The Girl Who Played with Fire

The second book in Stieg Larsson’s bestselling Millenium trilogy will not disappoint.  Unlike the first novel, which stood alone, it appears that the final two, The Girl Who Played with Fire and The Girl Who Kicked the Hornet’s Nest are linked – the events in the prologue of this novel are not resolved by the end of  the book.  I can only assume it is a mystery yet to come!

Set a year after the first novel, Lisbeth Salander is holidaying in the Carribean.  Upon her return to Sweden with Wennerstrom’s millions and what she wont admit is a broken heart, she begins to check the hacks on the computers she is watching.  Thus she discovers two things.  Firstly, Nils Bjurmann is not playing by the rules she so expressly laid out in the last novel.  Tut tut. Secondly, Mikael Blomkquist is investigating a prostitution ring with foreign girls who have been sold into slavery.  A mysterious figure known only as Zala appears to be at the centre of it.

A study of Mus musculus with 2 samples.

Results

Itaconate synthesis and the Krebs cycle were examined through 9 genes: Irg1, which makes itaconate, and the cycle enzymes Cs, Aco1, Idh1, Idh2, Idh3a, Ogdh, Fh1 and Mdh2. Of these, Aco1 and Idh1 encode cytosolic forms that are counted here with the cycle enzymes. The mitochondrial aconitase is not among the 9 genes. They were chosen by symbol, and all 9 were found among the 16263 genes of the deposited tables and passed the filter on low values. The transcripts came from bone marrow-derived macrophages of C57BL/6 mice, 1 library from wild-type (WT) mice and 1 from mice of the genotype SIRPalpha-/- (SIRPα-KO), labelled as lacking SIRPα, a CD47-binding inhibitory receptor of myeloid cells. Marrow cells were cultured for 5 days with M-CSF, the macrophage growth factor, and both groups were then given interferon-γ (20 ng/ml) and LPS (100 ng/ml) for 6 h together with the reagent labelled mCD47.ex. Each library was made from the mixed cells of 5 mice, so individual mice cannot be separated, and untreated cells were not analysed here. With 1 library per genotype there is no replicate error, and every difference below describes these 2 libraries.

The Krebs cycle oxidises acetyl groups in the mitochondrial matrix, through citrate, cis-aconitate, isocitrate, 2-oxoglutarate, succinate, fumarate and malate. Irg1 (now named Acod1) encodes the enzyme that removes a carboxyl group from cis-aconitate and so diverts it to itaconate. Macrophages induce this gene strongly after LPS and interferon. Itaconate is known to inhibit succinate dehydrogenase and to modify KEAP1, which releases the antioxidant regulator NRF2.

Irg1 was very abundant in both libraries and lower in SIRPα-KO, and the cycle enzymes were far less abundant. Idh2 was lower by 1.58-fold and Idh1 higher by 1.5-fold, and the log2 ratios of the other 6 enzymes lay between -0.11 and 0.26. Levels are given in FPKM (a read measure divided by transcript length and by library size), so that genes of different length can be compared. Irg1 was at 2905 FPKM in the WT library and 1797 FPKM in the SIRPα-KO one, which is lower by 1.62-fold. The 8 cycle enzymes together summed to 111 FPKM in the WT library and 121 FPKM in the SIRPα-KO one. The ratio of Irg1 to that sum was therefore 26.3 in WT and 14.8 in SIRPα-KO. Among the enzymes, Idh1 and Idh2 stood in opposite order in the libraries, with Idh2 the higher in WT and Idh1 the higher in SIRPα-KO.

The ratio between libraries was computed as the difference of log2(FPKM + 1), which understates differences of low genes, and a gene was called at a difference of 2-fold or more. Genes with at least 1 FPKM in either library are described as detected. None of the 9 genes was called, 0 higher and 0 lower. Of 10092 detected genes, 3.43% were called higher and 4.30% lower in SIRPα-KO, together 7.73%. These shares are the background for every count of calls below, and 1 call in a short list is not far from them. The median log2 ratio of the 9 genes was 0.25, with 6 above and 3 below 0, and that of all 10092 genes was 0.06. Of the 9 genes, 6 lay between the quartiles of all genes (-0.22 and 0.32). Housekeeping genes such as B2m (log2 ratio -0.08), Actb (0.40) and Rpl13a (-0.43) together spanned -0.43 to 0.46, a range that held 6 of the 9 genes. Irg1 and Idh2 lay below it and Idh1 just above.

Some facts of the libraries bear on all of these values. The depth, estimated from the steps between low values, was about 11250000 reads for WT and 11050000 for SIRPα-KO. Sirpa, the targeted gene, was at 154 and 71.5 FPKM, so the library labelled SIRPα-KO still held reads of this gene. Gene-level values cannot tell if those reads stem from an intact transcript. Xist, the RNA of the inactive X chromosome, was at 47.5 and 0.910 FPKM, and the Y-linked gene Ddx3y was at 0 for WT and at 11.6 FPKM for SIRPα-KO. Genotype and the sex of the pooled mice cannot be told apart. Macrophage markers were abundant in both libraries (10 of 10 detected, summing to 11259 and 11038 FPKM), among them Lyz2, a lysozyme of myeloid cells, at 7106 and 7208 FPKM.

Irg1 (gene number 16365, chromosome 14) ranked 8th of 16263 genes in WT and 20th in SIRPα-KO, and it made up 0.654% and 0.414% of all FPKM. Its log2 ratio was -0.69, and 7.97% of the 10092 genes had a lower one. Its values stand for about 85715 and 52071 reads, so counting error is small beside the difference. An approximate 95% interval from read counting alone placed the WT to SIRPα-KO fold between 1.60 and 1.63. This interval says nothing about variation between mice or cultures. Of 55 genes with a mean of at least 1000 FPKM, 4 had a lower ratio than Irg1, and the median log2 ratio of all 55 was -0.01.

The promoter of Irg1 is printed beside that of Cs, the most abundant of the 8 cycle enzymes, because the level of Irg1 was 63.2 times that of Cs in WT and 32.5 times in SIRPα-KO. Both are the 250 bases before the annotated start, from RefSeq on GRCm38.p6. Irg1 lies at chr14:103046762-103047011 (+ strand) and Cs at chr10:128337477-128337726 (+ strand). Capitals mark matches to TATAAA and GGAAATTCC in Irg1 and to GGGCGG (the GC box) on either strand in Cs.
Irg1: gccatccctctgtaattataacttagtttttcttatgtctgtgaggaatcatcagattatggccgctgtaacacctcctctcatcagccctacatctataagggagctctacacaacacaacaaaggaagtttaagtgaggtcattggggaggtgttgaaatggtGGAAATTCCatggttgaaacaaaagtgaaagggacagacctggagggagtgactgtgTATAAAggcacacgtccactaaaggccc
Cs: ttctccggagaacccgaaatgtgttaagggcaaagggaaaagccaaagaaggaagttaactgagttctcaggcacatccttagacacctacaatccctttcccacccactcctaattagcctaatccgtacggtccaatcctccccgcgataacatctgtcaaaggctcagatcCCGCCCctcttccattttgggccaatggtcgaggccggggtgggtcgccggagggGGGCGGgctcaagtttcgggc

This is right up Lisbeth’s ally, and she begins her own inquiries through her various resources.  Unfortunately, when both Bjurmann and two key players in the investigation are found murdered, Lisbeth is the prime suspect.

Mikael must once again place his faith in Lisbeth and work to convince the police, the unscrupulous media and the general public of her innocence.

Another wonderful well-crafted read.  The characters are real and intriguing, and I would argue again that Salander provides a new kind of heroine (or female hero, whatever term you prefer) for modern female readers.

I hear that all three films have been made a released in Sweden with the original cast.  Cant wait to see them all.